Growing the next generation of Docklanders

Growing the next generation of Docklanders

words by Jack Hayes

“To leave the world better than when you entered it” is an ideology many strive for. It is also one that underpins all teaching at Gowrie Docklands.

Gowrie Docklands, which is to become Gowrie at The Harbour when a second location partnering with Docklands Primary School opens in early 2021, has been an integral part of early childhood education in the area for more than a decade.

Specialising in long day care programs for children aged between six weeks and five years and an integrated kindergarten program for three- and four-year-olds, the team at Gowrie at The Harbour place an ever-present emphasis on connecting their children with the broader community with the aim of preparing generations of socially- and environmentally-conscious children.

Hidden away on Seafarer Lane, Gowrie at The Harbour occupies the entire first floor of what would easily be misconstrued as a regular Victoria Harbour office building; however, one step outside the elevator doors will show this building is anything but regular.

Centred around an enormous multi-space playground with fully established flora, Gowrie at The Harbour is an educational oasis for children, staff and parents surrounded by high-rise living and working.

Gowrie at The Harbour executive manager of early learning Nicole Pilsworth said it was imperative the nine classrooms horseshoed the outdoor area to allow for connectivity and development among children of all ages.

“To create such a beautiful space, that people wouldn’t necessarily know about until they saw it, it is quite unique,” Ms Pilsworth said.

“It is part of who we are as an organisation. Docklands is one of five, soon to be six, Gowrie early learning services whose philosophies all centre around natural play spaces and connecting children with nature.”

Without alignment to a formal educational philosophy, Ms Pilsworth said all Gowrie centres used a combination of learning theories such as the Reggio Emelia Approach.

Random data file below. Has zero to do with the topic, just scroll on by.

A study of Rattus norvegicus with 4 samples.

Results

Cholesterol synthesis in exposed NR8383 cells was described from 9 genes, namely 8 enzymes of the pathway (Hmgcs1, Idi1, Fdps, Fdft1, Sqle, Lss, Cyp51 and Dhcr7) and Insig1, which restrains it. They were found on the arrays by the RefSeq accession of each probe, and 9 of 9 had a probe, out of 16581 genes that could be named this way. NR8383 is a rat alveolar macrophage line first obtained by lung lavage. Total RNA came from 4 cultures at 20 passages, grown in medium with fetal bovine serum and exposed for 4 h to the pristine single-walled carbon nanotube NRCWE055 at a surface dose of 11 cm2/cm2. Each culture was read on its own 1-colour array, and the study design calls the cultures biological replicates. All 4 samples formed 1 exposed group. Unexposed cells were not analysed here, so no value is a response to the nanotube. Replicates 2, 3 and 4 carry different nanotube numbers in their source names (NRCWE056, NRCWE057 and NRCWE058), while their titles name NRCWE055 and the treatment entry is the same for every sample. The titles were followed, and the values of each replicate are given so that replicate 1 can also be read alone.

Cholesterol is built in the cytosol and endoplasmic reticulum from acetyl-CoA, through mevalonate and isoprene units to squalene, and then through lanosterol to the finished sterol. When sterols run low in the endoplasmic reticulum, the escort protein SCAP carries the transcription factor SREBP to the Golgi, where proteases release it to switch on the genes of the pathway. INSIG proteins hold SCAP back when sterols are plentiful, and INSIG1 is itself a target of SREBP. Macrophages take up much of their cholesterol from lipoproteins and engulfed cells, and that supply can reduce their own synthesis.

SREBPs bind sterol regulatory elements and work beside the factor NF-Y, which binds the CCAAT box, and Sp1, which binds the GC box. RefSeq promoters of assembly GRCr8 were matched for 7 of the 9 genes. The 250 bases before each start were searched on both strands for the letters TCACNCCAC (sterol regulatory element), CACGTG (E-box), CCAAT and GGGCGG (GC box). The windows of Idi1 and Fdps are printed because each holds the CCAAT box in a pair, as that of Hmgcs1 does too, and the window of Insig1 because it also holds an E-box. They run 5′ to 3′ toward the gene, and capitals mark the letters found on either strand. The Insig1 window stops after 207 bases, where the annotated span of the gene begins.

The Reggio Emilia Approach is an educational philosophy based on the image of a child with strong potentialities for development and a subject with rights ... and grows in relations with others.

“Our educational philosophies are about empowering and enabling children at a young age to become active decision-makers and members in their communities,” Ms Pilsworth said.

“If we can educate these children that there is more than their own two- or four-year-old perspective, then by the time they become adults, they have a broader and more informed understanding of the world.”

“In non-COVID times, you would regularly see Gowrie children out in the community, visiting the library or going for walks and observing different parts of the bigger wider world. It is something we hold very close with our teaching to ensure children are becoming active citizens in their communities.”

According to Ms Pilsworth, during her three-and-a-half years at Gowrie at The Harbour she had seen a marked increase in the number of children attending the early learning centre based in Docklands.

“We’ve remained that one constant in a world of uncertainty. We have worked incredibly hard for our staff to stay connected throughout lockdowns and have grown our communication to let families know we are here for them,” Ms Pilsworth said.

“We’ve become an important conduit for families to stay connected, not only with our services but to other families.”

With the impending opening of Gowrie Docklands Kindergarten in early 2021, Ms Pilsworth welcomed the news from the state government announcement of free kindergarten for three- and four-year-olds.

The $169.6m scheme would offer free kindergarten for three- and four-year-olds in funded programs, and reduced fees for three-year-olds in unfunded, sessional kinder.

“It’s an exciting initiative. We have been part of advocacy through several different avenues to get that through. It will mean there will be no-cost kindergarten for a lot of families in Docklands and, those accessing longer day kindergarten programs, their fees will be subsidised too,” Ms Pilsworth said.

“It gives families the flexibility in terms of whether they want short- or long-day kindergarten programs, which will be offered throughout the year, rather than just school terms.”

With a turbulent 2020 now behind them, Ms Pilsworth and her team at Gowrie Victoria are looking ahead to an exciting 2021.

“We are looking to rebuild and re-establish the connection with our community partners such as the library and community gardens. It has been a huge detriment to our children that we have not been able to immerse them with the wider community.”